George C. Marshall on Donald Trump

I wrote this piece during the 2016 Presidential campaign. It never went anywhere, but as I’ve been reading Daniel Kurtz-Phelan’s excellent The China Mission: George C. Marshall’s Unfinished War, 1945-1947, and watching the news of DT’s clownish efforts at diplomacy, I’ve been inspired to put it on my blog.

George C. Marshall and Donald Trump

            When I was a cadet at the Virginia Military Institute, the image and memory of George C. Marshall, VMI Class of 1901 was hard to avoid.  Physical reminders included the Marshall Library on campus and Marshall Arch, the main entrance to what is still called “New Barracks” (although it is now over sixty years old).  More than this, Marshall was recognized as our most distinguished graduate.  His unmatched record of service as Army Chief of Staff in World War II, as Secretary of State and Defense after the war, and his status as the only professional soldier ever to win the Nobel Prize for Peace, were seen as a precious gift of the Institute to the nation and to the world.  I caught the reverence for Marshall as a plebe, and it has grown with me over the years.  Marshall can be such a towering figure that he may seem remote or impossible to emulate, but I’ve learned that he was very human. He was often dissatisfied with himself, and he had to work to control his temper.  Sometimes seen as chilly and aloof, he could be funny and affectionate, expressing his concern for others in quiet, even anonymous ways. 

            As a cadet, Marine Corps officer, even as a parent or employee, I would sometimes ask myself, “What would Marshall do in this situation?”  This may strike some people as naïve.  I can only say that a conversation, even an imagined conversation, with a great person can be good for you.   A question that popped into my mind recently is “What would Marshall make of Donald Trump?”  To do this right, one would have to make allowance for differences of time and circumstance.  Marshall never ran for public office, so the somewhat undignified antics of political candidates on campaign was something outside the range of his own behavior.  He knew the political system, however, and he understood its demands and separate culture. Marshall had also rubbed elbows with the very rich of his day, and he was acquainted with the effect of great wealth on a person’s personality and development.  So real estate tycoon-turned politician Donald Trump might have come in for the humorous tolerance that Marshall displayed for the sometimes outlandish figures of the political and financial landscape.  Even so, and even allowing for the differences between mid-twentieth century America and the nation as it is today, I think Marshall would be appalled at the spectacle that is Donald Trump.  Marshall the logical, deliberate, and humane planner would have found Trump’s emotionalism and his sweeping, untaught pronouncements on strategy to be unseemly and dangerous.  Trump’s appeals to fearful xenophobia would likely have struck the author of the design for European recovery that has gone down in history as the Marshall Plan in the same way.  Trump’s blowsy posturing and grimacing behind the podium might have reminded Marshall of the rhetorical styles of some of the despised dictators of his own day, perhaps of Mussolini especially.   Marshall was known and revered above all for his integrity, and Trump’s lies and misrepresentations (about his own business success, for example) go far beyond what Marshall had come to expect and even accept among some politicians.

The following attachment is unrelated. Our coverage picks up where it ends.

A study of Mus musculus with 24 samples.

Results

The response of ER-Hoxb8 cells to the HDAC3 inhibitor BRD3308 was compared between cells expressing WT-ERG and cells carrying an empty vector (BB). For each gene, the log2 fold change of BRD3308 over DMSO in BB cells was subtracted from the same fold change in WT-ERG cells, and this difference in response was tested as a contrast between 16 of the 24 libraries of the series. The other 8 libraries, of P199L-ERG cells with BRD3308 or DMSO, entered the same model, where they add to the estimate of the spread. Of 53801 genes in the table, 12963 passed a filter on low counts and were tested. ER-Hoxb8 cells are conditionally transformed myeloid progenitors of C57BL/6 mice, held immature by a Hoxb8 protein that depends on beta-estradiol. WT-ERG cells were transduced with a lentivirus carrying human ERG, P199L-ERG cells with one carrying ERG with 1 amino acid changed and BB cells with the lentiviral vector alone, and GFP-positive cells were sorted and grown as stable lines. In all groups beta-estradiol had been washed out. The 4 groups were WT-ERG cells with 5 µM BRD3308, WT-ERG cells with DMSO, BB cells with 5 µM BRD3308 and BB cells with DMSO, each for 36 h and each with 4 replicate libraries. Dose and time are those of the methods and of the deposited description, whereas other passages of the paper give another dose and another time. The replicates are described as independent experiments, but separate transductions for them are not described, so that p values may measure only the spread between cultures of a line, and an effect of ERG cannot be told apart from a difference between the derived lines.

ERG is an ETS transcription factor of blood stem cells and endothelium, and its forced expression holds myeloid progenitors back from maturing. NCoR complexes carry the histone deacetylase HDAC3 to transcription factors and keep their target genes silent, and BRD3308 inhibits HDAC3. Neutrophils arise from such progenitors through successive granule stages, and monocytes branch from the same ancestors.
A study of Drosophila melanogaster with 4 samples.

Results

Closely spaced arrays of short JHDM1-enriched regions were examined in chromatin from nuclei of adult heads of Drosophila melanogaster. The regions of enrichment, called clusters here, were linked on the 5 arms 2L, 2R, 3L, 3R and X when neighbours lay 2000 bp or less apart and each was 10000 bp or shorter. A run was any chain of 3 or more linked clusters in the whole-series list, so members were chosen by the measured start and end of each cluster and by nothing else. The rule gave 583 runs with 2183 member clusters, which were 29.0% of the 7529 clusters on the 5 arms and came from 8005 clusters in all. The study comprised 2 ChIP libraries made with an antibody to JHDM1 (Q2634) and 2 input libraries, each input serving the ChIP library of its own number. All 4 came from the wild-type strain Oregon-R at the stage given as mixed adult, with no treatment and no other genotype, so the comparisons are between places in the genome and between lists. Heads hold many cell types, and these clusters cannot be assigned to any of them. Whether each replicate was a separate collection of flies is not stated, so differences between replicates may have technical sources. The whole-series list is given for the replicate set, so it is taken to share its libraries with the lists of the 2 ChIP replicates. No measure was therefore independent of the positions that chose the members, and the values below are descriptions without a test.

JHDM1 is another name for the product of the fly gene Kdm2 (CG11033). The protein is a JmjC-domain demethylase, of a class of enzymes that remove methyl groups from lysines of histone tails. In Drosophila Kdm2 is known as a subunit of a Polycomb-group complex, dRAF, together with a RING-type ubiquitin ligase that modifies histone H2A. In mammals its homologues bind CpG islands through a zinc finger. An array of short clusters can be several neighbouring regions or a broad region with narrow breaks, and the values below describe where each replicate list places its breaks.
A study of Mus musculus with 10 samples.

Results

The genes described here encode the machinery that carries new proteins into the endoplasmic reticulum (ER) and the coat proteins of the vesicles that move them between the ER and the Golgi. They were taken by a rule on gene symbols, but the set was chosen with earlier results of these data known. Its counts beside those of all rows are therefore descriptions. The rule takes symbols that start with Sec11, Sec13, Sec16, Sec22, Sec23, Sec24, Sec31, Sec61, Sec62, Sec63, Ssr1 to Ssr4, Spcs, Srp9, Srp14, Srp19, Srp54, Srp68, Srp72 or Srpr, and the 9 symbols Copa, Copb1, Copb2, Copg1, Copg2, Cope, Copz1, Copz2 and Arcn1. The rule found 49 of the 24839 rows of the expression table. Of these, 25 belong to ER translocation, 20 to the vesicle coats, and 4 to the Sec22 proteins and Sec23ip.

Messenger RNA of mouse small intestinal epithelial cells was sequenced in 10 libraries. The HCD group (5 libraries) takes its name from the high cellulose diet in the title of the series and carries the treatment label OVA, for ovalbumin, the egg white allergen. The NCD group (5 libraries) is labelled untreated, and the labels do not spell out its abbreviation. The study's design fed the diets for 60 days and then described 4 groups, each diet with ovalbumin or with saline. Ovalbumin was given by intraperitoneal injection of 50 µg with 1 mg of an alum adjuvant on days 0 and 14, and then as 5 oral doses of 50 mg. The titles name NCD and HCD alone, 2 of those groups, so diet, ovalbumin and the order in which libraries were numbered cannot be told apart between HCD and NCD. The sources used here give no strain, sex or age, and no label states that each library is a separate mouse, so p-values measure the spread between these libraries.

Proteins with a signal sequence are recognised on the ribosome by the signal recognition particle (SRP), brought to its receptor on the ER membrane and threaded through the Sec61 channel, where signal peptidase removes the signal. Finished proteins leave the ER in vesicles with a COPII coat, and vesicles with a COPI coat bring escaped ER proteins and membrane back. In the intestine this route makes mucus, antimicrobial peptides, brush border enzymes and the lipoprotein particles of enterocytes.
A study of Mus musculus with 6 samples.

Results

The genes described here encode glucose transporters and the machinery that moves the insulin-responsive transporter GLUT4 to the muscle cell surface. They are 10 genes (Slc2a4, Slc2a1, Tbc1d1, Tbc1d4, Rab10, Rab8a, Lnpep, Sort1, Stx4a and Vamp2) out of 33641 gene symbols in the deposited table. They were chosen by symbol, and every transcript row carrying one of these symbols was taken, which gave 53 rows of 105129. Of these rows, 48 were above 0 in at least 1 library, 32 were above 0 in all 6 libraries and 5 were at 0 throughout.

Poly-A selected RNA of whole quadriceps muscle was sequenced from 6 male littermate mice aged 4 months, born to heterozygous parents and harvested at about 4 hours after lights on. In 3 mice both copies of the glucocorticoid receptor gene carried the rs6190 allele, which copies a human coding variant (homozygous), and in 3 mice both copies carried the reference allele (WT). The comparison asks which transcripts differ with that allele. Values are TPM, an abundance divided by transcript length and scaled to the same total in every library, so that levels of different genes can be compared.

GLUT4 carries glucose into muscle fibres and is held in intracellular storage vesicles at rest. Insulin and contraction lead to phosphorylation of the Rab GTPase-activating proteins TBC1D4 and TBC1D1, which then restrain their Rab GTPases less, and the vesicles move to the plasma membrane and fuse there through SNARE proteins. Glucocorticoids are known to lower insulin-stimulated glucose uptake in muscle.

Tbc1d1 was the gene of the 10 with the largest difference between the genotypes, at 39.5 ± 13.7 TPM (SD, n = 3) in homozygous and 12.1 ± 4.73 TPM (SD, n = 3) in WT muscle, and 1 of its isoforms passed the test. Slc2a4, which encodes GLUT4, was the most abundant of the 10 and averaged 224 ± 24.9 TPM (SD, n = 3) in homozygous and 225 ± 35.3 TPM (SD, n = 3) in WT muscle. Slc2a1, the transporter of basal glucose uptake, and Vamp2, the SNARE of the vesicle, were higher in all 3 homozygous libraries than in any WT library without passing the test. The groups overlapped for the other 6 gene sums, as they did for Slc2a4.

A strong indication of how Marshall would have responded to Trump is Marshall’s reaction to another bully and demagogue, Joseph McCarthy.  McCarthy attacked Marshall in Congress, blaming him, in rhetoric eerily similar to that of Donald Trump, of responsibility for America’s “retreat from Communism” in China and Korea.  McCarthy’s claims amounted to a charge of treason. His disdain for the facts and his abusive language appalled even the members of his own party, but he persisted on the manner of people whose egomania has canceled out sense.  Marshall’s response to these attacks was cool.  He never replied to them in public, and when a reporter offered to provide material for a rebuttal to McCarthy’s scurrilous charges, Marshal replied, “I appreciate that, but if I have to explain at this point that I am not a traitor to the United States, I hardly thinks it’s worth it.”         

Of all of Trump’s shortcomings, his treatment of women might have aroused in the gentlemanly Marshall the greatest contempt.  Marshall cared for an invalid wife for the over twenty years of his first marriage, never breathing a word of the toll this might have taken on him. Second perhaps only to the relief of MacArthur on Marshall’s watch as Defense Secretary, the decision which may have attracted the most criticism from McCarthy and the rest of the far right was his appointment of Anna Rosenberg, a Jewish woman, as Assistant Secretary of Defense for Manpower.  Marshall came to her defense when the appointment was challenged in Congress. Later, she helped to convince Marshall to begin the racial desegregation of the armed forces.  A man of his times, with the strengths of those times, Marshall had the ability to see beyond the limitations of his upbringing and early years.    

Marshall the selfless public servant I believe would have seen through Trump’s pretensions. He would have observed Trump’s contempt for law, his incitements to violence and divisiveness, his ignorance and mendacity, and Marshall’s steely, blue-eyed gaze would have dismissed him as the mountebank that he is.